Travel Alert Status
Level 4: Do Not Travel
Safety and Security:
Past terrorist incidents highlight the continued threat posed by terrorism in East Africa and underscore the capacity of terrorist groups to carry out such attacks against Westerners. Although the lethal 1998 terrorist bombing of the U.S. Embassies in Dar es Salaam and Nairobi may seem remote, U.S. citizens should be aware of the ongoing risk of indiscriminate attacks on civilian targets. Avoid political rallies and public gatherings throughout Tanzania. Peaceful demonstrations can turn violent with little or no warning, not only when riot police clash with demonstrators, but also when crowds gather.
This past year, the media has reported on several incidents which posed safety and security risks, including:
a daytime rape of a U.S. citizen in northwestern Zanzibar;
incidents of looting and burning of churches in Dar es Salaam and Stone Town;
two shootings that targeted Catholic priests in Stone Town, one of which resulted in a death;
an attack with an explosive device at a Catholic church opening in Arusha, resulting in seven deaths and several injuries;
an incident during which incendiary devices were thrown at a Lutheran church in Dar es Salaam;
a bomb threat at a Lutheran church in Dar es Salaam;
an acid attack on two female tourists in Stone Town;
a separate acid attack against a Muslim imam also in Zanzibar;
a report of corrosives thrown at a Tanzanian businessman from a motorcycle in Dar es Salaam;
demonstrations in Dar, Arusha, Stone Town, and Mtwara, some of which led to clashes between demonstrators and police, occasionally resulting in loss of property, injuries, and deaths;
an explosive device tossed into a crowd gathered for an opposition political rally in Arusha resulting in three deaths and several injuries;
an acid attack on a Catholic priest in Stone Town, Zanzibar.
This list of serious security incidents over the past twelve months underscores the importance for visitors and residents to be mindful of their safety, especially in public areas.
The population in Zanzibar is 98 percent Muslim and generally holds traditional values. The U.S. Embassy has learned of women being harassed for dressing immodestly in public. U.S. citizens are advised to dress modestly (upper arms and legs covered, no exposed midriffs) outside of their hotel or resort and when arriving and departing the island, and to keep a low profile in public. The incidence of criminal and violent activity continues to rise. Travelers should exercise caution at all times. During the holy month of Ramadan when Muslims fast during daylight hours, avoid eating, drinking, smoking, or chewing gum in public except in hotels or restaurants. Traveling alone, even during the day, may pose risks.
U.S. Embassy officials are required to request police escorts on segments of the Rusomo-Kahama road border near the Rwandan border because of armed bandit attacks.
Inter-city transportation between major destinations, such as Arusha and Dar es Salaam, are serviced by a variety of carriers that offer differing levels of safety and comfort. U.S. citizens who travel by bus are urged to select carriers with modern equipment and avoid riding in vehicles that are in obvious disrepair. U. S. citizens report being robbed on long-distance buses in Tanzania after accepting apparently drug-laced food and drink offered to them from other passengers. Secure your belongings and passport if you disembark for a short break en route to your destination. Road travel in Tanzania is extremely dangerous, especially at night.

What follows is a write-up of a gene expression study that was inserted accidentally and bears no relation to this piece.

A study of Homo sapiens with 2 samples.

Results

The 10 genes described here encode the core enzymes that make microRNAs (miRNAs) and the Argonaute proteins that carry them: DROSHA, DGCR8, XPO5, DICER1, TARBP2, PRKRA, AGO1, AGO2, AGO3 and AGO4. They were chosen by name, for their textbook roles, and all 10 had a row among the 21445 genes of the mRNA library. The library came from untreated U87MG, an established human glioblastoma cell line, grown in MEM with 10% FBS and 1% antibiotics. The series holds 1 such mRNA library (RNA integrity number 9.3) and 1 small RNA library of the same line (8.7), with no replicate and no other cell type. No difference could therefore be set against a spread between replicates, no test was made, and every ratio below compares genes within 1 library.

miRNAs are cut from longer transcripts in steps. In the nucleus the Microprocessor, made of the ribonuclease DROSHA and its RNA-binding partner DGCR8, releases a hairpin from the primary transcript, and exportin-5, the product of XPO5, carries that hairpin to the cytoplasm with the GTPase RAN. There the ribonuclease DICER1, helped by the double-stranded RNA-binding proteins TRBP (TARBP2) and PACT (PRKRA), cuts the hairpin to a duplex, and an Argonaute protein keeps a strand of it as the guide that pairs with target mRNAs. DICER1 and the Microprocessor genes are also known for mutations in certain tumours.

Travelers are strongly encouraged to use taxis or hire a driver from a reputable source for transportation. Do not ride in a taxi hailed for you by someone you do not know well. Ask the hotel or restaurant to recommend a driver. U.S. citizens have been victims of robberies when using taxis in Dar es Salaam. A common scenario involves the driver picking up another passenger who then threatens and robs the victim, forcing the person to make a series of ATM withdrawals until reaching the daily maximum limit. Do not ride in taxis which already carry a passenger. If a taxi stops to allow another person to enter, exit immediately. We have received reports of assaults originating at the Tazara train station, Ubungo bus station, Dar es Salaam airport, downtown ferry terminal area, and the Slipway on the Msasani Peninsula in Dar es Salaam. If you are in a dangerous situation, your best strategy is to hand over all your valuables immediately, comply with the demands, and not to make eye contact with the aggressors. Victims who remain docile during such an ordeal have survived with minor injuries. Please follow this link for more information on taxis.
Travelers should also avoid using dala-dala microbuses and bajaji three-wheeled taxis which are poorly maintained and unsafe. When traveling in a car, lock your doors and hide your valuables from sight.
Ferries traveling between the mainland and Zanzibar have been known to capsize, resulting in drowning deaths and injuries. Marine rescue and emergency response capabilities are limited. If you travel by ferry to Zanzibar, opt for the high-speed ferry. Purchase your tickets only inside the ferry terminal, not from vendors outside. As you approach the terminal, you will be approached by aggressive salesmen. Do not hand them your bags nor accept any assistance from them. When you purchase a ticket, it should include your name, date of travel, and class of travel. Travel during daylight with good visibility, fair weather, and calm water. Avoid overcrowded vessels or those which lack sufficient life vests, easy access to exits, and a functioning communications system. Some vessels are not maintained regularly and may lack basic safety and navigational aids. Beware of pickpockets aboard the ferry, and be wary even of uniformed personnel who seek to assist you.